JCL appears complex to a newbie. In many respects it is complex; it was designed for a whole different world; it was an attempt to optimize usage for the world as it existed around 1965; many of the issues in 1965 do not apply any more, but they are still there in JCL.
As I see it there are two costs here.
The cost to prepare JCL, and correct problems.
Labor was awfully cheap in 1965; companies were paying senior analysts $7 or $8 an hour. Computers, on the other hand, were frightfully expensive. Your $500 PC is much faster than a $!,000,000 mainframe computer in 1965. Companies were willing to pay senior analysts $7 an hour to make that $1,000,000 boat anchor run a little better.
The machine cost to process JCL was frightful.
You newbies never had the dubious "pleasure" of watching OS/360 operate a card reader containing JCL.
clunk to read a card, followed by a noticeable pause to process the card.
clunk pause, and so on, until all the JCL was read.
Some of us dinosaurs never saw this. In systems running a system like HASP, we put our cards into a card reader and pressed the Start key. HASP would read a dozen or so cards, the reader would stop for maybe 1/2 second, and then resume reading cards at full speed. The clunk pause cycle was still there when HASP ran your job, but it was hiding in HASP. You never saw it.
Now let's discuss some of the issues that made 1960s JCL relatively complex.
The JOB statement. Remember these $1,000,000 boat anchors were frightfully expensive. Bean counters saw the expense. To some extent they understood the overall productivity improvement the boat anchors produced, but they still wanted to have some understanding about who was using the boat anchor, and how much they were using it. The JOB statement provided this link. In the 1980s I worked for a service bureau type company. Every day the computer produced a report showing the top 10 users. After a while, I called the denizens of this report the "dirty dozen." Invariably the dirty dozen was staff. I was usually in the report. I don't think I ever saw a paying user in the dirty dozen.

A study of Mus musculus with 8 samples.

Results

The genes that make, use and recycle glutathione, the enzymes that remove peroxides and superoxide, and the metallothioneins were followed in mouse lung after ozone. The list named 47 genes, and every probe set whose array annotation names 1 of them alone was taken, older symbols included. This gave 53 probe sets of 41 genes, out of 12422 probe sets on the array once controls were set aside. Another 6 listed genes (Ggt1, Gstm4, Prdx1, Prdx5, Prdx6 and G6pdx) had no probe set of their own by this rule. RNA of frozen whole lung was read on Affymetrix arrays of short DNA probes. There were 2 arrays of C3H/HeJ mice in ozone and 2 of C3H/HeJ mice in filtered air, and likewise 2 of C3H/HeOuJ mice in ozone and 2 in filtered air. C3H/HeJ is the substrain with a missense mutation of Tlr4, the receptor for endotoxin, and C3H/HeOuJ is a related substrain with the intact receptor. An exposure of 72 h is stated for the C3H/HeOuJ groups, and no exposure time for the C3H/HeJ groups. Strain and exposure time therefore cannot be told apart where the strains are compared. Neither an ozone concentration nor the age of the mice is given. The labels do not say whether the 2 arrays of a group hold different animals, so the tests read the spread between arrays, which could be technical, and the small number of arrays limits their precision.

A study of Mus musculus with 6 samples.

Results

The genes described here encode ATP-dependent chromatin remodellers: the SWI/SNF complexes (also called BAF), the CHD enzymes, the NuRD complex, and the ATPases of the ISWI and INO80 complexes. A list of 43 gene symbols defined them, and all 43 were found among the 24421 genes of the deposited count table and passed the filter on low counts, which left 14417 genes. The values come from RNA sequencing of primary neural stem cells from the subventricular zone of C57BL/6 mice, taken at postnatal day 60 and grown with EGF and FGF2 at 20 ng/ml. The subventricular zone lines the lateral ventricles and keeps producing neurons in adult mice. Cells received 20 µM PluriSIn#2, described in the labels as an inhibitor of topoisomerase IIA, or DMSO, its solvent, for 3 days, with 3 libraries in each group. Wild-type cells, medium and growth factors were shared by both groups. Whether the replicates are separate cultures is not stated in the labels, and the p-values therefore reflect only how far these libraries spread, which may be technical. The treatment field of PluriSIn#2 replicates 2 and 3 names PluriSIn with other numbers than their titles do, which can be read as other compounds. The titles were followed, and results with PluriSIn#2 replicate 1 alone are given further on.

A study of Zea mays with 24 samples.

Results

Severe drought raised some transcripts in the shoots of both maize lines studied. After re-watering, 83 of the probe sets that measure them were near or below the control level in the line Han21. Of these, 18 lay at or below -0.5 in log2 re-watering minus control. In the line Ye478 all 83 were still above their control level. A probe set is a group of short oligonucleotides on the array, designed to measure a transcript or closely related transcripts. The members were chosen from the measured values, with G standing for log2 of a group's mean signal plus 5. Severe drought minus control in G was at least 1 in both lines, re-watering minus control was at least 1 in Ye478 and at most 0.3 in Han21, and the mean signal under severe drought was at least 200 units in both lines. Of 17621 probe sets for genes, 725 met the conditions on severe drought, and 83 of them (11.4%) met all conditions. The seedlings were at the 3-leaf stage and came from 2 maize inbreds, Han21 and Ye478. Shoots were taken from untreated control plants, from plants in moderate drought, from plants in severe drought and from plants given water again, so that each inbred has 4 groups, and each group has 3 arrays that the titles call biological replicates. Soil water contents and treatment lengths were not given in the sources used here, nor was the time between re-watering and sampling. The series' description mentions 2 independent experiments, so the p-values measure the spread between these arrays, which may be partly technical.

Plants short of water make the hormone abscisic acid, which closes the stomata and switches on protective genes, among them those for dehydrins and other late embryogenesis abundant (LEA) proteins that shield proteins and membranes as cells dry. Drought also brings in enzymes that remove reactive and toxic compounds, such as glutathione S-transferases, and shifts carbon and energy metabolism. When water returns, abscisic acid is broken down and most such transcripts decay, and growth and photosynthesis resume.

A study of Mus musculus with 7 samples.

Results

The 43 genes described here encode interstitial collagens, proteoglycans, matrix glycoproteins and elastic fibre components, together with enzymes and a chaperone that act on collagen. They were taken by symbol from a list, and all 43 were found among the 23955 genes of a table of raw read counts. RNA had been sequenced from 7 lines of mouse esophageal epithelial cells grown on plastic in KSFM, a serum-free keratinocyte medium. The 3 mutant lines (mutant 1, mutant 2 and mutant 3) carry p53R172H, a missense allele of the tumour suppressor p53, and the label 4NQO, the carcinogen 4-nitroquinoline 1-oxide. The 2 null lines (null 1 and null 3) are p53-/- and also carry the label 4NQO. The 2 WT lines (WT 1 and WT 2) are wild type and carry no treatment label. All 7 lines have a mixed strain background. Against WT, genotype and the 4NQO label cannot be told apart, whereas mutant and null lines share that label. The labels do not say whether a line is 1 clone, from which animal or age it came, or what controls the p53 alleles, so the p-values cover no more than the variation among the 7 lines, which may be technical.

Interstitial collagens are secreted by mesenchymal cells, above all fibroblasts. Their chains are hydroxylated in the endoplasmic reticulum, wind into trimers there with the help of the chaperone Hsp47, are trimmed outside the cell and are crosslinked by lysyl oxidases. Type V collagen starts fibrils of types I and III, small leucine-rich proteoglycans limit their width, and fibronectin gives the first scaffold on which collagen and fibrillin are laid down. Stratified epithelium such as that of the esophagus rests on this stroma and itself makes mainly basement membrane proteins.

The DD statement
The UNIT parameter
There were quite a few different types of I/O devices in 1965. The programmer, as well as the bean counters, wanted the user to use the best possible I/O device. Even in 1965, there was rarely more than 2 or 3 to select from in any one shop. Now, in a very real sense, everything is virtual, or at least sort of virtual. We have one disk unit type - 3390, and that has been virtualized to any of several different RAID devices. We, as users, neither know or care. For that matter, so do the bean counters.
The SPACE parameter
I'm guessing the SPACE parameter is at or near the top of the hate list of every programmer. Heck, in Windows or *NIX my files can keep on growing until I literally run out of space. There is a cost to this. In Windows, and also, I suspect, in *NIX, there is a hidden file that shows were the real, related file, has space allocated. Reading through the hidden file to find out where the real data exists adds to I/O time. MVS also has hidden data containing this information. OK, it's not really hidden; it's in the VTOC. When we open a data set, this hidden information is retrieved from the VTOC and saved in storage until the data set is closed. But we don't do any extraneous I/O. One of the purposes of the SPACE parameter is to limit the amount of hidden information.
In 1965, disk storage was very expensive. As is usually true of expensive resources, the amount of the resource was limited. The SPACE parameter was intended to make the relatively cheap analyst correctly determine how much of this expensive resource was really needed.
Now, of course, it's just a source of frustration for the $40 an hour analyst. Well, for those of being paid by the hour, it does add to billable hours. Screw the bean counters!